The Righteous Mind

I'm reading Jonathan Haidt's book The Righteous Mind, and it's helping me understand conservatives a lot better.

Haidt breaks down the five innate moral "taste receptors":

  1. care/harm
  2. fairness/cheating
  3. loyalty/betrayal
  4. authority/subversion
  5. sanctity/degradation

People on the left like to focus on victims, people who have suffered harm. They want to care for them. The right want to care for members of their own group who have shown loyalty, such as soldiers.

The left see fairness as redistribution of wealth. The right see fairness as their right to keep what they've earned and for others to earn based on their ability.

The right really likes loyalty. When America is at war, you rally behind the president, no matter his flaws. Of course, politicians know this and like to exploit it. The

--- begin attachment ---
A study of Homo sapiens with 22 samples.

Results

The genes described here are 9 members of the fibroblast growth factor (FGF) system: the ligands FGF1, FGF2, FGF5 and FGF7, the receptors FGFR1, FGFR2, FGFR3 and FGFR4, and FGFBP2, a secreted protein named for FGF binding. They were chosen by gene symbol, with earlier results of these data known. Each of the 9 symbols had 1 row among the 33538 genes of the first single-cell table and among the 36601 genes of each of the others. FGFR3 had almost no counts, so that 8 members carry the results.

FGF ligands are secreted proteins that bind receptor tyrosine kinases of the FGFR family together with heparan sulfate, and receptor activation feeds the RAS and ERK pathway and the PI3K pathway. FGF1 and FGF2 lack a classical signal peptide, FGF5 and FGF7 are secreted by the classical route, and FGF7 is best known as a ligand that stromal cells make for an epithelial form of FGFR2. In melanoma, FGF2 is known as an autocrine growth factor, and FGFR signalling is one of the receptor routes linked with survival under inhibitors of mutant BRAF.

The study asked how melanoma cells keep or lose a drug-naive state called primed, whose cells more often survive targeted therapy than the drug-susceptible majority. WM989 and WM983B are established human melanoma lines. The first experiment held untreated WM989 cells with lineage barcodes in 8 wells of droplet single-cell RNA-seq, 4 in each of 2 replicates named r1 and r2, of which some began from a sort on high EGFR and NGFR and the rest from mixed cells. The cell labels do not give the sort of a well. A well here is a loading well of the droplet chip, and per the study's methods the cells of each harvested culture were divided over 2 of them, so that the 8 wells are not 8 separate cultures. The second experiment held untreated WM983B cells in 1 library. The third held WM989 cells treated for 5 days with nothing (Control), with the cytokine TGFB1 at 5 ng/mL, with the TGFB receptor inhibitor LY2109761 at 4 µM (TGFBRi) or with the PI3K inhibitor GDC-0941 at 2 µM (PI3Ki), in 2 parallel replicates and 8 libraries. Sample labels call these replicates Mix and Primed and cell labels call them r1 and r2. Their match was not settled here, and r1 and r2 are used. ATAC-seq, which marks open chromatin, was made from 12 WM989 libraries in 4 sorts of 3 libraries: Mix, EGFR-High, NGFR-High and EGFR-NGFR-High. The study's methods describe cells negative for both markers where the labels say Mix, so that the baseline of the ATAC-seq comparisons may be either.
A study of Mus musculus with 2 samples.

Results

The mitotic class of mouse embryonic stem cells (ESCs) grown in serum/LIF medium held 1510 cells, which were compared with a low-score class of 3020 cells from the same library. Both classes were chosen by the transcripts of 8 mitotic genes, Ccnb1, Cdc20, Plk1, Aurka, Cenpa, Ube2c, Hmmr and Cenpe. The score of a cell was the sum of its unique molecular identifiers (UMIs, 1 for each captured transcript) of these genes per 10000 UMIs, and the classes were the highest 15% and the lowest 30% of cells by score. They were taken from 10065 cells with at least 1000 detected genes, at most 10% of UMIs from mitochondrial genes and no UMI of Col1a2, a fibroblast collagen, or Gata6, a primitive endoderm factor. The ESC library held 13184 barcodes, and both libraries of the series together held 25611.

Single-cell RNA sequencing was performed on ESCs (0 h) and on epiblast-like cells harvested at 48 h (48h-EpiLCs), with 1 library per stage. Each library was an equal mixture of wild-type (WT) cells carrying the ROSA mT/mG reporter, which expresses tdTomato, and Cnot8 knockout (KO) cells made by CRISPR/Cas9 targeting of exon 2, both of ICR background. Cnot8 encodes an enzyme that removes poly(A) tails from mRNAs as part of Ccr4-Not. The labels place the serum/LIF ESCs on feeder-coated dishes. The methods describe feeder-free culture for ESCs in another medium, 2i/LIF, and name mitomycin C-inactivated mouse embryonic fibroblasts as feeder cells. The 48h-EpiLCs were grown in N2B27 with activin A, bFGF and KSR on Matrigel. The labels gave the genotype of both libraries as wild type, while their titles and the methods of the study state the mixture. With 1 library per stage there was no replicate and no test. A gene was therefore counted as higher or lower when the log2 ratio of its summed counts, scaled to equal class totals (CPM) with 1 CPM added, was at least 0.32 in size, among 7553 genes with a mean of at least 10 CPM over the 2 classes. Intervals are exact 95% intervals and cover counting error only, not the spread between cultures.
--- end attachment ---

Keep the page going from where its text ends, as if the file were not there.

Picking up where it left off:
The right is also big on authority. You respect your parents, the elders, police, people in authority.

And they're big on sanctity. Homosexuality is seen as a degradation of the human body. Maybe they even believe in only having sex after marriage.

The left doesn't really seem to respond too strongly to the latter three. Maybe loyalty for the left is denouncing haters like neo-nazis and other people seen as oppressors?

Some spiritual people on the left do appreciate sanctity in the form of detoxing the body and mind.

I can see value in all of these. Understand these have given me a deeper respect for conservatives and where they're coming from. And for some of the shortcomings of the left, in particular how ineffective they are at appealing to people's emotions.